WW-06711 Reviewed 2009
Most species of local northern butterflies use flower nectar as their primary food source (Table 3). This sugar-rich material is required for energy used in flight. Very long- lived tropical butterflies in Florida, of the family Heliconiidae, also feed on pollen.
Some butterflies, such as the Mourning Cloak (Nymphalidae: Nymphalis antiopa) and Hackberry (Apaturidae: Asterocampa celtis) feed on rotting fruit, sap that oozes from trees, and even dung.
|The Leonards skipper (Hesperiidae: Hesperia leonardus) extends its proboscis into flowers to obtain nectar.
Painted Lady butterflies (Nymphalidae: Vanessa cardui) prefer composit family flowers such as zinnia for feeding.
|Monarchs (Nymphalidae: Danaus plexippus) will stop to feed on nectar from plants such as this blazing star.
Weidemeyers Admiral (Nymphalidae: Limenitis weidemeyerii) is one butterfly species that will feed on dung, in this instance coyote dung.
Butterflies are cold-blooded creatures. They may need the sun to warm their wing muscles so they can fly. They fly best when air temperatures range from 75-90 degrees; so when its cooler, they bask, using the suns heat to warm their bodies. A large, flat rock in the butterfly garden provides a warm spot for basking when the temperatures are cool. When temperatures get too warm, butterflies seek shade.
The most common basking position is with the wings positioned flat, facing the sun. Butterflies that bask this way often have black bodies and dark colored areas on their wings. Most common among Satyrs (Satyridae) and Sulphurs (Pieridae) is lateral basking with wings folded and facing the sun. This is because the undersides of their wings are darker than the topsides, or the bases of the wings are darker than the edges. In a third type of basking, called reflectance, the wings are used to reflect the sunlight to the butterflys body rather than absorb it. Butterflies that use reflectance basking, such as whites, have lighter colored wing ends.
Butterflies congregate at the wet edge of mud puddles or wet sandy areas, where they imbibe fluids rich in salts and nutrients. Butterflies require these extra salts and other nutrients to mate successfully. Typically, more males than females puddle. Males pass the nutrients on with their sperm and these nutrients are used by the females for reproduction.
Nutrients gained from puddling also help in producing pheromone. This is the chemical sexual attractant released by males to attract females to mate.
For the purpose of mating, male butterflies search out female butterflies in two ways, by patrolling and perching. In patrolling, the male butterflies fly over areas where the female butterflies may be feeding or egg-laying. Butterflies do not, however, have sharp vision; so once a patrolling butterfly spots what he perceives to be a likely mate, he swoops down and examines it more closely. If its indeed a female of his species, he will begin the courting ritual.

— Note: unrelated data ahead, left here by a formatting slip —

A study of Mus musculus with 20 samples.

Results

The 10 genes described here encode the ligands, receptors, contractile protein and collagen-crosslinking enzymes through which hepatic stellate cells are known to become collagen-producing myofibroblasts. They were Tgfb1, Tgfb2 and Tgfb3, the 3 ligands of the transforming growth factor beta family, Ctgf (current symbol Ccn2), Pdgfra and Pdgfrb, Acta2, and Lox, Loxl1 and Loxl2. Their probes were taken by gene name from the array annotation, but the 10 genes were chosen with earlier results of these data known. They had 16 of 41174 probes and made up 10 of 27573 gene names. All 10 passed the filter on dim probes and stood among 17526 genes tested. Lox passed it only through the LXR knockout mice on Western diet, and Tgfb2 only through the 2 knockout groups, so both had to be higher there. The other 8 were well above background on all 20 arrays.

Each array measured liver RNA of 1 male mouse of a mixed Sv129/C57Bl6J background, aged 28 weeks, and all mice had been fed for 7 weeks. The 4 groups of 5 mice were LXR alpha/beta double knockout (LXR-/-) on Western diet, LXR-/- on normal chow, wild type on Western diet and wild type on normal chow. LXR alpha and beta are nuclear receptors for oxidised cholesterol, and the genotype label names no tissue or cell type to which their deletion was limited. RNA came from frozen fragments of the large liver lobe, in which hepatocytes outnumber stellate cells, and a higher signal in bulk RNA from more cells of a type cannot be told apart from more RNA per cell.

Some butterflies that commonly use a patrolling strategy include the Monarch, Sulphurs and Whites. When butterflies fly upward next to one another, they are either males combating one another for territory, or males trying to convince females to mate with them.
Instead of patrolling, butterfly species such as the Mourning Cloak (Nymphalidae: Nymphalis antiopa), Black Swallowtail (Papilionidae: Papilio polyxenes) and Red Admiral (Nymphalidae: Vanessa atalanta) will perch on tall plants in areas along streams or ridges where the females are likely to occur. Once they spot something that might be a female, they will fly in to explore it closely. If they have found a female of the appropriate species, they will begin courtship. If the intruder turns out to be a male, the original male will give chase. Generally they will fly vertically for a few feet after which the original male returns to his perch.
Flight patterns used in courtship differ among the butterfly species. Typically, a male will fly above or behind the female, fluttering his wings a bit more than usual. He may release pheromones from his body or wings. If the female is interested, shell alight on plants or on the ground. Sometimes courtship continues with the male touching the females antennae or legs and with different wing movements. They copulate by joining the tips of their abdomens. Sometimes they even take flight during copulation while still joined.
The mated female may try to avoid the advances of other courting males. With many species, the female physically avoids contact either by positioning her abdomen tip or spreading her wings in a manner to make contact impossible, or by releasing antiaphrodisiacs. Still other species, such as Sulphurs, fly upward in a spiral until the male gives up the chase.
If you notice a butterfly flying over plants, then touching down briefly, you are watching a female searching for egg-laying sites. Female butterflies recognize host plants through visual cues, such as leaf shape and color. Plant scent further identifies a potential host.
Female butterflies also often drum on the leaf surface with their feet. Drumming scratches the leaf surface, releasing chemicals enabling the butterfly to identify the correct plant on which to lay her eggs. Table 2 is a list of host plants for common butterflies.